Motors can work fairly easy or have a tough time performing their duty. The stress imposed on an engine makes all the difference in terms of performance and durability. Marine engines are further affected by running near WOT (wide open throttle) for the majority of the time and having very poor ventilation inside the cramped confines of an engine bay. Thus, one of the most important goals facing the marine engineer is to design an engine that runs under minimal stress, unless of course, we don't mind the engine breaking down every 2-3 months and needing to be replaced in 4-5 years' time. Achieving this low stress performance requires a careful exercise in balancing the engine architecture, the quality and profile of its components and the know-how to find performance gains in areas of low impact. At Medusa, this is how we build engines that obliterate the competition but don't break a sweat doing so:
Compression Ratio or CR. The ratio between the pistons' travel inside the cylinder, from absolute bottom to the absolute top, once the fuel/air mixture has been compressed to the max, is referred to as Compression Ratio. The higher the CR, the more energy will be created during the combustion phase and the more power released, so all other factors being equal, any engine will produce more power with a higher CR without increasing its displacement. This is the method by which modern cars reach high efficiencies with such small engines. But high CR comes wit problems of its own. It increases the loads on the engine exponentially by creating more heat and pressure, which leads to metal fatigue and premature failure. Another problem is that high CR does not like low octane gasoline, like 87 octane, and when the two mix, “knocking”, or detonation occurs. If detonation goes on long enough, the engine will suffer from catastrophic destruction. That is why diesels, which run at very high CR, are so heavy and massive, since their every component is 2-3 times the thickness of gasoline engines. But still, high CR gas engines are not built to the same standards as diesels, which is why so many of them begin to exhibit signs of structural weakness not long after their 2 year warranties have expired.
So we went the old way and designed our engines with low CRs, ranging from 8.8 : 1 to a maximum of 9.5 : 1, which assures us of very light loads on the engine's rotating assembly, even if our components are capable of withstanding very high CRs given their racing nature. Look at it as a double insurance. And of course, we now have the ability to use 89 octane fuel or even 87 octane, without any problems whatsoever, even if the pump at the marina claims 92 octane. And though our low CR might suggest lower power, we have compensated for that by ingeniously engineering Medusas so that, in fact, we beat every other engine out there in both torque and horsepower.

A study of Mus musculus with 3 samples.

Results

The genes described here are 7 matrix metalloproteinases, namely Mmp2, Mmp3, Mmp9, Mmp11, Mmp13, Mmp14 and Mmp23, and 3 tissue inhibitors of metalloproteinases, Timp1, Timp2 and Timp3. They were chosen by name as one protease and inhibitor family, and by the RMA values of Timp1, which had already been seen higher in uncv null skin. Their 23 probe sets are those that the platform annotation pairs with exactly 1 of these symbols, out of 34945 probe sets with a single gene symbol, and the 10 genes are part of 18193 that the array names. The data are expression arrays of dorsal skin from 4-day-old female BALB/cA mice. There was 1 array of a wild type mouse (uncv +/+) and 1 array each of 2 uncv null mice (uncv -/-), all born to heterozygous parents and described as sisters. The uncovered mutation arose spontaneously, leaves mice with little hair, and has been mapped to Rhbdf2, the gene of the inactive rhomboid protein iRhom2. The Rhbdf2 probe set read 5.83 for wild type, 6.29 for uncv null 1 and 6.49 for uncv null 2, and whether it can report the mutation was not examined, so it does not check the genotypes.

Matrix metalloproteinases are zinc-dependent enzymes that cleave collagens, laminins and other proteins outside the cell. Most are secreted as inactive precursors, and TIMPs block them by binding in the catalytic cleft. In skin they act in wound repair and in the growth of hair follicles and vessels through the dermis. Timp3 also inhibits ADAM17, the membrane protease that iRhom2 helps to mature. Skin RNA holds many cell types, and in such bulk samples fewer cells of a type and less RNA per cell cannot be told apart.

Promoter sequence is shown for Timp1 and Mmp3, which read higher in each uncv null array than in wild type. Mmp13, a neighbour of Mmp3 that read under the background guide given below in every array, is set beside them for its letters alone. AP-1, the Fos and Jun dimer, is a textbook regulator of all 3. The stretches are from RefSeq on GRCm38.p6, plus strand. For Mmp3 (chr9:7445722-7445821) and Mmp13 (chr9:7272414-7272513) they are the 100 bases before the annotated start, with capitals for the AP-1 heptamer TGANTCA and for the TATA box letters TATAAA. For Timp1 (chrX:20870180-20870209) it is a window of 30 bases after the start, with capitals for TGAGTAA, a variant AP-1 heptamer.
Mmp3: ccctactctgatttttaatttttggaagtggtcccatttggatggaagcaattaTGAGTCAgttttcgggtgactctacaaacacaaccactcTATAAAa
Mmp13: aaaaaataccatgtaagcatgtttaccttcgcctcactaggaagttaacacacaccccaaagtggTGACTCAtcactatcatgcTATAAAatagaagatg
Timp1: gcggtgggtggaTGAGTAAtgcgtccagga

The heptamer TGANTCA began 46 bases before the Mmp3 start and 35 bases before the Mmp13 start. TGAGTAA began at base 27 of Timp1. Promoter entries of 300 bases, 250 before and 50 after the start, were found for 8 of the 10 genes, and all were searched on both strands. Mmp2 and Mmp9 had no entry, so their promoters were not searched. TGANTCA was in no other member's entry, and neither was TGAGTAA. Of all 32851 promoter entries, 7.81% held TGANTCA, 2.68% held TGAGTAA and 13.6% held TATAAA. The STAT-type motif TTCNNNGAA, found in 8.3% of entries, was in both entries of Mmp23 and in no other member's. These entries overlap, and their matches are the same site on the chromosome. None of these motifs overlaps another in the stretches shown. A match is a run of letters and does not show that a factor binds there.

Normally Aspirated Induction. How the air comes inside the engine to be mixed with fuel makes a big difference in the engine's power output. The more air can be inducted, the more oxygen can mix with fuel and the better combustion is achieved. To that end, manufacturers have striven for decades to enrich the air/fuel mixture through the use of forced induction systems like turbochargers or superchargers, which force pressurized air into the combustion chambers. But once again, those systems greatly increase the stress by generating more heat and add a tremendous amount of complexity, size, weight AND cost. In our opinion, complexity is the last thing a marine engine needs, so we stayed with the true and tried method of normally aspirated induction, where the carburetor or fuel injection system simply use the surrounding air at normal atmospheric pressure. Yes, this is more inefficient but it is far easier on the engine, and again, based on our power figures, it is easy to see we do not need pressurized air to deliver the highest output out there.
Camshaft Design. Our hydraulic roller Howards camshafts are chosen, among other features, for their short duration, which means both intake and exhaust valves open for a very short time. Then, the rocker ratio that determines the length of the valve opening is a low 1.5, which means the valves are only pushed upwards into the open position for a short distance. Both of these features greatly reduce the stress on the valve train, which traditionally is the hardest working, most-prone-to-failure component in a high performance engine.
By combining these features we have achieved an engine that runs well below its maximum potential for long lasting life and reliable operation, while delivering performance figures that are unmatched by its competition, engines that boast combinations of very high compression ratios, forced induction systems and highly aggressive camshaft profiles. Because intelligent engineering is not about achieving the most with the most, but about achieving the most with the least.